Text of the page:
Former senator says Insular Cases are
not as bad as most people think
Robert “Bob” Klitzkie considers himself a “recovering lawyer” and “serial has-been.” He has been a marine, teacher, union officer, lawyer, director of education, director of corrections, senator and judge pro tempore to name a few. In the latest phase of his self-reinvention, Klitzkie now hosts the thought-provoking talk radio show “Tall Tales” on 93.3 FM.
The former senator, a Republican, is never afraid of going against the tide. As a talk show host, Klitzkie is never coy about expressing conservative opinions that may run counter to popular views.
He has been an advocate of fiscal prudence, less government and lower taxes. He endorses a part-time legislature with streamlined functions— a proposal he first introduced when he was a member of the 28th Guam Legislature. He continues to defend this idea — which has repeatedly been reintroduced in succeeding legislatures — although it’s a long shot in a community where the government is the largest employer.
In May, the 36th Guam Legislature adopted Resolution 56-36, rejecting the Insular Case doctrine that has been the basis of unequal treatment of citizens of the U.S. territories including Guam, Northern Marianas, American Samoa, Puerto Rico and the U.S. Virgin Island.
While demonizing the Insular Cases may be a popular trend, Klitzkie offers a differing point of view. He puts forth some counterarguments that need close attention and discernment if Guam is to rightfully choose its path forward.
In an interview, Klitzkie points out that Guam has unique benefits as a U.S. territory. To wit, birthright citizenship, income tax collections stay on Guam, exemption from federal income tax payment, and duty-free ports and tax holidays are enjoyed. He questions the logic of demanding “equality” when Guam certainly enjoys the perks of being an unincorporated territory.
He further opined that Guam must understand the differences between political rights and federal mandates. Guam’s political rights are different from those enjoyed by incorporated states. Guam does not have a voting representation in the U.S. Congress, and is not entitled to electoral votes for president.
There are also some federal benefits Guam residents can not enjoy, such as Supplemental Security Income, Medicaid funding, and Supplemental Nutrition Assistance Program. But he noted that these differences may soon be moot as the Biden administration recently signified its intent to move towards parity federal benefits for territories.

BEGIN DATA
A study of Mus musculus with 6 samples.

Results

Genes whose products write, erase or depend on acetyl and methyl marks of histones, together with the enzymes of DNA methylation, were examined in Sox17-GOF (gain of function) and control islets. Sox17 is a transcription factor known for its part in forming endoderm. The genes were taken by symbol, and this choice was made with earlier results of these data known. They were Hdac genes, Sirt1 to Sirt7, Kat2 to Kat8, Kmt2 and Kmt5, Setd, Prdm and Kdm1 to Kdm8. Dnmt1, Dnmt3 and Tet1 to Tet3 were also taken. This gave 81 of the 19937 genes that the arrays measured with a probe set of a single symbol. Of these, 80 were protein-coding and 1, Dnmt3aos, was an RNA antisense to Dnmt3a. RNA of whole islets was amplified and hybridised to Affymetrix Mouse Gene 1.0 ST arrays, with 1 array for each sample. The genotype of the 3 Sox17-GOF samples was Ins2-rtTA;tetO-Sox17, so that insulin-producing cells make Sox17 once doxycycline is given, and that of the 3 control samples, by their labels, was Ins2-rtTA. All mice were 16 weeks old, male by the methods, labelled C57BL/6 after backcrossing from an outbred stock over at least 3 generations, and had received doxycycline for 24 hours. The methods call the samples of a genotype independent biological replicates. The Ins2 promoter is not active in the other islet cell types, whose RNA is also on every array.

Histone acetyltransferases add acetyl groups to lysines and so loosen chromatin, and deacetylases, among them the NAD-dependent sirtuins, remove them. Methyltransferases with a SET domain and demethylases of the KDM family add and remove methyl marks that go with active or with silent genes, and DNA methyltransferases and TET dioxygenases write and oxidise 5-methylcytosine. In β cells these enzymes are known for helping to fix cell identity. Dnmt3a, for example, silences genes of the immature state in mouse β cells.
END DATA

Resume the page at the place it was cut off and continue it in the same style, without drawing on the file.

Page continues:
What’s the potential problem at hand? Klitzkie said: “Should Guam want equal footing with other states, then the constitutional uniformity clause would have to apply as well. Do people even understand what that means?”
The Uniformity Clause of the Constitution states that, "the Congress shall have the power to lay and collect taxes, duties, imposts, and excises, to pay the debts, and provide for the common defense and general welfare of the United States; but all duties, imposts, and excises shall be uniform throughout the United States.”
The implication of this is that Guam may lose some of the core benefits currently enjoyed by the territory, such as the duty-free shopping that lures tourists to the island, the Section 30 that brings military personnel’s taxes back to Guam, and qualifying certificates among others.
“All our beneficial perks would fall to the Uniformity Clause. Because the Constitution would apply, ex proprio vigore independence is off the table,” he added.
He is adamant that people should try to understand what is at the core of the issue. On one hand, the Insular Cases’ wordings are 100 years removed from the current day preferences. “This is present-ism. You cannot judge the language with today’s connotations. That’s totally putting it out of context,” he said.
On the other hand, he said, Guam is in danger of losing its hold on self-determination when equality is demanded (and granted) and the only option left is incorporation. Klitzkie emphasized that Guam currently has the option of maintaining the status quo as an unincorporated territory or taking itself toward three distinct paths – independence, statehood, or free association.
Born on Dec. 20, 1938 in the metropolis of Elkhorn, Wisconsin, Klitzkie served 10 years in the Army National Guard that ended in 1992 when he reached his mandatory removal age. He was a lieutenant colonel when he left the service.
He came to the island after accepting a teaching position about 50 years ago. He married Lourdes Palomo. He was one of those who came and fell in love with Guam. He has since Guam made his home.
He feels very strongly that Guam may be pushing itself toward a slippery slope. While the legislative resolution on Insular Cases does not clearly state the path for Guam, making the island an incorporated territory limits its path to only statehood.
Does Guam wish to change from the status quo? He doubts that. Before anything else happens, differing opinions must be heard. He points out that his radio talk show “Tall Tales” on 93.3 FM does exactly that. “People should listen to it. We dive deep into these issues. We are not superficial and we do proper research,” he added.
There you have it, Guam. The future rests on leaders to forge the way forward. But the onus is for them to understand what Guam truly wants. Intelligent debates and not tall tales can make that happen.